Stop sharing your microphone. But if you do, cleaning your microphone is the courteous thing to do.
Cleaning your microphone is necessary to avoid spreading germs that may live on the mic or windscreen, but also when makeup or tape residue start to build up and adhere to the boom. This helps with aesthetics and is also more comfortable for the user. Rubbing alcohol or citrus based oil are great for cleaning your headworn microphone, lavaliere microphone, and even your EMBRACE microphone.
Gently wipe down the microphone spending extra effort on areas with extra build up. Care has to be taken to not let the element get wet if the product is not rated as waterproof. Makeup can build up in the element aperture reducing high frequency performance. Do not use a pin, compressed air, paperclips are anything else to clean this out. Our CO-8 products are waterproof (look for the “W” in the part no.) and can be cleaned using an ultrasonic cleaner to clear obstructions. Always contact the manufacturer for suggestions on how to clear any foreign objects blocking the element.
Difficult to disinfect microphones completely
They have some inaccessible places where germs can hide, which are difficult to clean without damaging the mic. But there are some precautions that you can take to reduce the risk of spreading anything around:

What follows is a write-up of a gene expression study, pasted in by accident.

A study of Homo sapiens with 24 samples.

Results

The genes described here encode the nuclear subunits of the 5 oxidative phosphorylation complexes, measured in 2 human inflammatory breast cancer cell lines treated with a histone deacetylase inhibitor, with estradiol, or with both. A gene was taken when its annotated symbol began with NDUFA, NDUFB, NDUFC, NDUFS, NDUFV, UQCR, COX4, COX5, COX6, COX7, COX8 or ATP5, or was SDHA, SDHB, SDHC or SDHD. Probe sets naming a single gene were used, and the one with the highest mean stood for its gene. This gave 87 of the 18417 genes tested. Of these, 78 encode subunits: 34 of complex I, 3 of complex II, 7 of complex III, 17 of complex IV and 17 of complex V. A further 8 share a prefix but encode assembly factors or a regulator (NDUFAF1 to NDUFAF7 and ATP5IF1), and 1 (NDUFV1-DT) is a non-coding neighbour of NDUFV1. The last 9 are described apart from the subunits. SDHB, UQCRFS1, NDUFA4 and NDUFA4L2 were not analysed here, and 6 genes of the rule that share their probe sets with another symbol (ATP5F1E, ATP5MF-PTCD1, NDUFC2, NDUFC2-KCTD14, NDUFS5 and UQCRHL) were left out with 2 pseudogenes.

Here are some tips for handling Point Source microphones. Be aware that because our CO-8 omni mics are IP 57 waterproof rated, these practices may not apply to all mics so do check with each manufacturer.
1. All of our mic booms and cables can be cleaned with an alcohol swab.
2. With the SERIES8 omni elements, you can further put these into a sonic bath for about 2-3 minutes. Do not submerse the CR-8 cardioid element as these elements are not waterproof.
3. Additionally, use a NEW windscreen every time the mic is used.
4. Offer a personal mic as an option for a pastor or frequent public speaker. Our interchangeable X-connectors make it possible for them to have several terminations for whatever wireless packs they may encounter.